Pablo Neruda
translated by Jodey Bateman

 
STATUES

   The pigeons visited Pushkin 
   And pecked at his melancholy 
   The gray bronze statue talks to the pigeons 
   With all the patience of bronze. 

   The modern pigeons 
   Don't understand him 
   The language of birds now 
   Is different. 
   They make droppings on Pushkin 
   Then fly to Mayakovsky. 
   His statue seems to be of lead. 
   He seems to have been 
   Made of bullets. 
   They didn't sculpt his tenderness - 
   Just his beautiful arrogance. 
   If he is a wrecker 
   Of tender things 
   How can he live among violets 
   In the moonlight 
   In love? 

   Something is always missing in these statues 
   Which are fixed rigidly in the direction of their times. 
   Either they are slashed 
   Into the air with a combat knife 
   Or they are left seated 
   Transformed into a tourist in a garden. 
   And other people, tired of riding horseback 
   No longer can dismount and eat there. 
   Statues are really bitter things 
   Because time piles up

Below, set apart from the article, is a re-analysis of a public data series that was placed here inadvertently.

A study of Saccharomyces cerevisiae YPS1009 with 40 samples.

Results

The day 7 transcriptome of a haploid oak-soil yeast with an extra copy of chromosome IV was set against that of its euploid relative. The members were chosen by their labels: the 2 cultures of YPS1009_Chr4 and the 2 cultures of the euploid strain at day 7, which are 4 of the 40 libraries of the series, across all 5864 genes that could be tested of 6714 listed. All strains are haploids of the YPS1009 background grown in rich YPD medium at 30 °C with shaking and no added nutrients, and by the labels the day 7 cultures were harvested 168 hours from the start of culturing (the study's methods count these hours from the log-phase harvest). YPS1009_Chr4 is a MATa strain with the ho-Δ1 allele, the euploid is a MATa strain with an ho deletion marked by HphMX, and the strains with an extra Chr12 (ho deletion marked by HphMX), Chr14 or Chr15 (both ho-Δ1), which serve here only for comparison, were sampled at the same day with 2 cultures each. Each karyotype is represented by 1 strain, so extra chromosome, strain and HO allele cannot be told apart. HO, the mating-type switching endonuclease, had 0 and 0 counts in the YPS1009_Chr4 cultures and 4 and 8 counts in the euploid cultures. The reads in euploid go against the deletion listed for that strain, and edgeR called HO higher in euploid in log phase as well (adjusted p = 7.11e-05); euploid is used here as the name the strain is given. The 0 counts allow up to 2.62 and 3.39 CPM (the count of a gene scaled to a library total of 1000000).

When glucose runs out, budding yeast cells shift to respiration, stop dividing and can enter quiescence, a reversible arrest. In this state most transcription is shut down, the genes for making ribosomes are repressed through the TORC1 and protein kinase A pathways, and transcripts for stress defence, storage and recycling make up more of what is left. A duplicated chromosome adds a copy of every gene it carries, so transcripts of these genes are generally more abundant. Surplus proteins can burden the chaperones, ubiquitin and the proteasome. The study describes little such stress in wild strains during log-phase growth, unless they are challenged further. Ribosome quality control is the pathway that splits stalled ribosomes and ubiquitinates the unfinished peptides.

In deposits on them, oxidizing them 
   And even the flowers come to cover 
   Their cold feet. The flowers aren't kisses. 
   They've also come there to die. 

   White birds in the daytime 
   And poets at night 
   And a great ring of shoes surrounding 
   The iron Mayakovosky 
   And his frightful bronze jacket 
   And his iron unsmiling mouth. 

   One time when it was late and I was almost asleep 
   On the edge of the river, far off in the city 
   I could hear the verses rising, the psalms 
   Of the reciters in succession. 
   Was Mayakovsky listening? 
   Do statues listen? 

translator's note:

    Pablo Neruda, the Nobel Prize winning poet from Chili wrote this poem on a visit to Moscow. The poem speaks of the statues of Pushkin the great, 19th century Russian poet and Mayakovsky, the poet of the Russian Revolutionary period. Poetry readings are often held at these statues.